MUSCATAINE, Iowa -- In his first campaign stops after a well-received performance in Fox Business's "undercard" GOP presidential primary debate, Gov. Chris Christie (R-N.J.) mixed raw talk about addiction with even rawer criticism of the "Black Lives Matter" movement.

Asked about the protests at the University of Missouri and Yale University, where complaints of racism or racial insensitivity have pitted students against administrators, the Republican presidential contender said that President Obama had created an atmosphere of "lawlessness."

"I think part of this is a product of the president’s own unwillingness and inability to bring people together," Christie said in a short interview after a Q&A with Republicans here. "When people think justice is not applied evenly and fairly, they take matters into their own hands. The lawlessness that the president has allowed to exist in this country just absolutely strips people of hope. Our administration would stand for the idea that justice is not just a word, but it’s a way of life. Laws will be applied evenly, fairly, and without bias to everyone."

Earlier, at a town hall further up the Mississippi River, Christie had chastised the Black Lives Matter movement on similar terms. "Don't call me for a meeting," he said, according to reporter Claude Brodesser-Akner. "When a movement like that calls for the murder of police officers... no president of the United States should dignify a group like that by saying anything positive about them, and no candidate for president, like Hillary Clinton, should give them any credibility by meeting with them, as she's done."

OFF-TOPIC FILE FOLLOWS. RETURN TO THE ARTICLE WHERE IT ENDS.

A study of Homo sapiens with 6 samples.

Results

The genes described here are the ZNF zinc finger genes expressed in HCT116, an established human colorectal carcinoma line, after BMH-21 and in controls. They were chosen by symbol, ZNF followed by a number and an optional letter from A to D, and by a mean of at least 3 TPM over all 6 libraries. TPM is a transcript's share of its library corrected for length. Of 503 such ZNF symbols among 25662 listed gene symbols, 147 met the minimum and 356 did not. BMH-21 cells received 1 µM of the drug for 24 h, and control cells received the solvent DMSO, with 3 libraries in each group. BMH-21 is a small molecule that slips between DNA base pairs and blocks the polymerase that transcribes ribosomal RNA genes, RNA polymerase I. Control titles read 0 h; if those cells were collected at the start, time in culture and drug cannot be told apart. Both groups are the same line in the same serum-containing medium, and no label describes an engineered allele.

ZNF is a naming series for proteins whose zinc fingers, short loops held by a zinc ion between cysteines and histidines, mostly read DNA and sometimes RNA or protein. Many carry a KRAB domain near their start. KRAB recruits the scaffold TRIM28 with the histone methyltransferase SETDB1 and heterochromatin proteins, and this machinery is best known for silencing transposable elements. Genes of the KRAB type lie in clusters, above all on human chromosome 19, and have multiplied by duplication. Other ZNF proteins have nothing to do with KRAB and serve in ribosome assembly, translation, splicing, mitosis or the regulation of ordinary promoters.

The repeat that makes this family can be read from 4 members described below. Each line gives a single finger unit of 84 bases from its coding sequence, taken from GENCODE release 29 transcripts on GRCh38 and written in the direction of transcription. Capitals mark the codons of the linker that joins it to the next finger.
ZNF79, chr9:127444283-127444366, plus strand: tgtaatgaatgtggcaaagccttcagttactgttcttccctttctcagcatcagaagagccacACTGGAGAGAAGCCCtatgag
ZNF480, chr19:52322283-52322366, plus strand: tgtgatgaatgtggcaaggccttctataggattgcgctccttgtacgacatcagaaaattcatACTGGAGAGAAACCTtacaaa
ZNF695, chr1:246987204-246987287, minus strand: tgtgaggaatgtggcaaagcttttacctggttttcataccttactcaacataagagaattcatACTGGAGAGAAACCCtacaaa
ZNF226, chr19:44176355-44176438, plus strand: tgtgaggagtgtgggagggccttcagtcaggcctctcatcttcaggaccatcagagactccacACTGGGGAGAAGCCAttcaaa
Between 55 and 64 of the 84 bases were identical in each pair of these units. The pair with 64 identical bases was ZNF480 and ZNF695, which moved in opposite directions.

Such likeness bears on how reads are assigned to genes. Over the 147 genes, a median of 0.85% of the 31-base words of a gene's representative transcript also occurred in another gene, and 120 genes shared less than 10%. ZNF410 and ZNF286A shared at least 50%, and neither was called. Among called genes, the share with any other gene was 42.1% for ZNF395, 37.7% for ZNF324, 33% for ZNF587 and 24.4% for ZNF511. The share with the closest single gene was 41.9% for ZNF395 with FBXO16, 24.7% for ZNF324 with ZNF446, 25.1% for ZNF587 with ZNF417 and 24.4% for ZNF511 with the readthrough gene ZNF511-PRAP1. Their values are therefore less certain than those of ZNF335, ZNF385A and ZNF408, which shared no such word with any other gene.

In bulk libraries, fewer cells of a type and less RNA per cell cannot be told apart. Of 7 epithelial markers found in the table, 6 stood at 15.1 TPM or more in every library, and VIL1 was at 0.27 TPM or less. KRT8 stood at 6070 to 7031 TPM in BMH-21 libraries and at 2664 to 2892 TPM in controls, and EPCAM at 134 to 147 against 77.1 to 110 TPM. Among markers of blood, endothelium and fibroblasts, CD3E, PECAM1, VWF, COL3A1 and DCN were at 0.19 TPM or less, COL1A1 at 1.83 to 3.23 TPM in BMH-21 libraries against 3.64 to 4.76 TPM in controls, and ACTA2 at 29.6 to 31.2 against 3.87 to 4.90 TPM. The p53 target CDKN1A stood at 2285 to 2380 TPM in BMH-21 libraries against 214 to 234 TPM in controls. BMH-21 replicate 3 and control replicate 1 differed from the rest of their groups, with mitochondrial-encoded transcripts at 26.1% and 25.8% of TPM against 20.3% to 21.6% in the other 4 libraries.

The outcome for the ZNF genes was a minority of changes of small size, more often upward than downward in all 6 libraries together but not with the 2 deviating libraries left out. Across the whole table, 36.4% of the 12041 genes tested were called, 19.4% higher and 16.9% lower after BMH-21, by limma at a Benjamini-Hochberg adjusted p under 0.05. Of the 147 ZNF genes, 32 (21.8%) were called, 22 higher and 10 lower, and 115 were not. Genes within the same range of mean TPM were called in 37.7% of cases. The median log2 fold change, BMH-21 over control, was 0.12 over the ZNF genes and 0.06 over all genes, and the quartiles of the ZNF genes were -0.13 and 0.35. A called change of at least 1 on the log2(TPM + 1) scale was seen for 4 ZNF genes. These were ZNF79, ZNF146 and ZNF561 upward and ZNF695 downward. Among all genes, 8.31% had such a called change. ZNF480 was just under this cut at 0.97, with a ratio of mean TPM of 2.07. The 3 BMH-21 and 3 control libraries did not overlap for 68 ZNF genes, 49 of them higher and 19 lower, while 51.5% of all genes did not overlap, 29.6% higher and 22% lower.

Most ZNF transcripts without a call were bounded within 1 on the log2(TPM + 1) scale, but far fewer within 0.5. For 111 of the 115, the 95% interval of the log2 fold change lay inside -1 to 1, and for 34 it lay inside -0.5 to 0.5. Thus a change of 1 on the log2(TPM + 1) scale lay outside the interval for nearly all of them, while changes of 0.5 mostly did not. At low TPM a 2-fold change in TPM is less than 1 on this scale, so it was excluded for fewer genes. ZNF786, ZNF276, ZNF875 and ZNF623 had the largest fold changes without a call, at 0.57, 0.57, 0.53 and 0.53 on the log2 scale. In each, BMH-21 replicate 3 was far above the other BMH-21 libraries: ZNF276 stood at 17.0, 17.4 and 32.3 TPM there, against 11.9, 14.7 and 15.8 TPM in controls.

The claim of "calls for the murder of police officers," which Christie has made in other forums, is based on an isolated incident after a grand jury failed to bring charges against the police seen on video putting Eric Garner in a chokehold, which led to his death. One group of people in a massive march chanted "What do we want? Dead cops!" That rhetoric has been absent from most Black Lives Matter protests, which partly inspired the university uprisings.

Asked if there was a larger trend on campuses -- some commentators have blamed out-of-control political correctness -- Christie said he didn't see it.

"We have two children on two very different campuses right now, Notre Dame and Princeton – two very different, culturally, campuses," he said. "We don’t sense that from either one of them, I don’t think, that those kind of issue exist on those campuses, or if they do that they’re leading folks to act that the way that the students in Missouri or at Yale are acting."